Mindfulness for Pain Reduction
- 3.5 hours on-demand video
- 6 articles
- 1 downloadable resource
- Full lifetime access
- Access on mobile and TV
- Certificate of Completion
- What is Primary and Secondary Pain
- Thoughts towards pain
- Attitudes of Mindfulness
- Acceptance the present
- Letting Go of the past
- Patience with yourself
- Habit Releasers
- How Positive Affirmations can help
- Connecting with others
- Steps of Mindfulness for Pain Reduction
- Body Scan Meditation
- Sitting with Difficulty Meditation
- Loving Kindness Meditation
- Dial Control
- No prerequisites for this course, just an open mind.
Mindfulness and meditation is an evidence based approach to pain reduction. Learn how to practise mindfulness and meditation within your day to day life to help reduce pain. Recent medical research suggests that we can use our mind and our mind / body connection to help become more aware of our connections with pain and reduce it. This course will allow you to learn about mindfulness for pain reduction in under 20 minutes a day for 14 days. Equipping your with lots of different mindful tools to enable you to continue practising for the rest of your life.
- Anyone who is interested in learning about Mindfulness for Pain Reduction
Acute and Chronic pain
Pain Statistics (NHS – England)
1 in 5 people in the developed world now suffer from chronic pain.
20 Million People in the UK are diagnosed as suffering from chronic pain annually.
Half of the people over 75 in the UK experience chronic pain on a daily basis.
“Pain can be described as Acute and Chronic, depending on its duration. Acute pain is of short duration and normally resolves when the body heals itself, for instance after injuries or operations. Pain can become chronic or long-lasting, this may persist after the body has healed so is often not a useful sensation.” NHS Bristol
Chronic pain can lead to clinical anxiety, stress, irritability, anger and exhaustion.
Half of those diagnosed with chronic pain subsequently experience depression.
Mindfulness and Meditation are scientifically proven to help with pain, anxiety, stress and depression.
Typical Causes of Chronic Pain
· Heart Disease
· Chronic Fatigue
· Irritable Bowel Syndrome (IBS)
Mindfulness in Eight Weeks by Michael Chaskalson
In ancient times, arrows were used in hunting and also as weapons of war. If you were struck by one of them, you really felt it. Taking that as an analogy, the very early practitioners of mindfulness spoke of two arrows – the first one is physical and the second one is mental.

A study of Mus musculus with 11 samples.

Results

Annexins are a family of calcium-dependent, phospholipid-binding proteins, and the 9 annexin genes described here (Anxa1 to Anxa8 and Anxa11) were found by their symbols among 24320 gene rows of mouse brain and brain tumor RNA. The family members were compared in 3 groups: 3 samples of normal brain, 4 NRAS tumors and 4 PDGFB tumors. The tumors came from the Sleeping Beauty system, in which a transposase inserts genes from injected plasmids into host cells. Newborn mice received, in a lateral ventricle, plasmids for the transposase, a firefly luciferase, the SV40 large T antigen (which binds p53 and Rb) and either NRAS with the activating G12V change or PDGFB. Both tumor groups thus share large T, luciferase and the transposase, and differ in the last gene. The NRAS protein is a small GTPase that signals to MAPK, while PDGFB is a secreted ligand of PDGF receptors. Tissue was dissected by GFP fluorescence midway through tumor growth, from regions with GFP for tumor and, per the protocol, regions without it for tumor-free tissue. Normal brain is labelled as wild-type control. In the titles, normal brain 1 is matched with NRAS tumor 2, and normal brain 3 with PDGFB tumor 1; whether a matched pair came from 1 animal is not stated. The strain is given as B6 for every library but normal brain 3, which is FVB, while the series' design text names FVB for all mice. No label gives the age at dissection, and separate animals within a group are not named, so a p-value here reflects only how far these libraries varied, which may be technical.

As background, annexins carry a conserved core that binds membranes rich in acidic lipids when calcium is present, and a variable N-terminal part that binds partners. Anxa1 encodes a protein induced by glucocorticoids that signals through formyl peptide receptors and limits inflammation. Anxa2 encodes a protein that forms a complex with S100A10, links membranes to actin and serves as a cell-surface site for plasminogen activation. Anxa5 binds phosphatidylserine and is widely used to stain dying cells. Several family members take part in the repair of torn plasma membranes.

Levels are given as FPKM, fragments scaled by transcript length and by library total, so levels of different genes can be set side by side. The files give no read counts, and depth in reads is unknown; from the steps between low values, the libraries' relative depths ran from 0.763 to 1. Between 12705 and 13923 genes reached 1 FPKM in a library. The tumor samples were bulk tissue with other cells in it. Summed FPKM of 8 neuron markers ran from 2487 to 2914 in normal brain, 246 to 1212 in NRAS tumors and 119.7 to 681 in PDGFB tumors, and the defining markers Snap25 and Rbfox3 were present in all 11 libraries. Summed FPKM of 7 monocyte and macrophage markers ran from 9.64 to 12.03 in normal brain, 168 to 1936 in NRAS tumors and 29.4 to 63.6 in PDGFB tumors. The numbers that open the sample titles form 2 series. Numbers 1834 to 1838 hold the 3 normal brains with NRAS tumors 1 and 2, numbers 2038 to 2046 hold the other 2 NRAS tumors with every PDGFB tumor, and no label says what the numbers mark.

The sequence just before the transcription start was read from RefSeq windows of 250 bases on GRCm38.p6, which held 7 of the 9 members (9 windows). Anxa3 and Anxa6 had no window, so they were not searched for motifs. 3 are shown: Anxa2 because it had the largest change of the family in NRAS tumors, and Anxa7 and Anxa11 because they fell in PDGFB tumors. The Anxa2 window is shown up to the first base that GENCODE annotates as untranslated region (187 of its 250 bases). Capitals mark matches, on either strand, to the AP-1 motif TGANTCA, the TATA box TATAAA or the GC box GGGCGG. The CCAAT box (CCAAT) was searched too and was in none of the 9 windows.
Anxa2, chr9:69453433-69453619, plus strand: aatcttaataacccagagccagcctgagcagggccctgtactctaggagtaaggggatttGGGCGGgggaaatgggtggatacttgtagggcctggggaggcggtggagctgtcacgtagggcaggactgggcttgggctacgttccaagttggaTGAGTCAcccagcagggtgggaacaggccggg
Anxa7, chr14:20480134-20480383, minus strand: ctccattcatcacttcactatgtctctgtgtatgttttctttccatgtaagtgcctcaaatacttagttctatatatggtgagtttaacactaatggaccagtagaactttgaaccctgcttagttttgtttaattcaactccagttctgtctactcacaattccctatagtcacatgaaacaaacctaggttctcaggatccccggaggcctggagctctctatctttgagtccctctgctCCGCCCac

When the unmindful person is struck by an arrow, he or she is then very rapidly struck by a second arrow.
Imagine you’re on a battlefield and you’re hit by an arrow. That hurts! But then very rapidly another arrow comes flying in as your mind get going. “Why does this sort of thing happen to me?” “What’s going to happen now?” “How am I ever going to recover?” “I knew I should have never come to this battlefield“.” “I should have done better training!” On and on – your mind rapidly produces further arrows that add to the pain of the first one.
When the mindful person is struck by an arrow, they said in ancient times, they feel the pain of the arrow – and it stops there.
The first arrow represents the suffering that comes to all of us just from being human. Often, we don’t get what we want instead get want we don’t want. And even when we do get what we want, it’s impossible to hold on to it forever. That’s part of being human. But the way in which we usually deal with the pain and difficultly that comes our way causes us to be struck by the second, third, fourth and fifth arrows – and all of these are self-generated.
Pain - Suffering occurs on two levels.
Firstly, there are the actual sensations felt in the body – this is known as ‘Primary Suffering’. This is sent to the brain from an injury, an ongoing illness or changes to the nervous system itself.
On top of this is ‘Secondary Suffering’, which is made up of all the thoughts, feelings, emotions and memories associated with the pain. These might include anxiety, stress, worry, depression.
The pain and distress that you feel are actually made from both Primary and Secondary.
If you can learn to separate the two you can greatly reduce, or even eliminate your pain.
Secondary Suffering tends to dissolve when you observe it with the mind’s eye. Mindfulness can allows you to do this.
It’s important to understand that although the sensation of pain is created by the mind, your suffering is still real. You really do feel it. It exists and it can be genuinely overwhelming. But once you understand that you can control the secondary pain, it can start to lesson.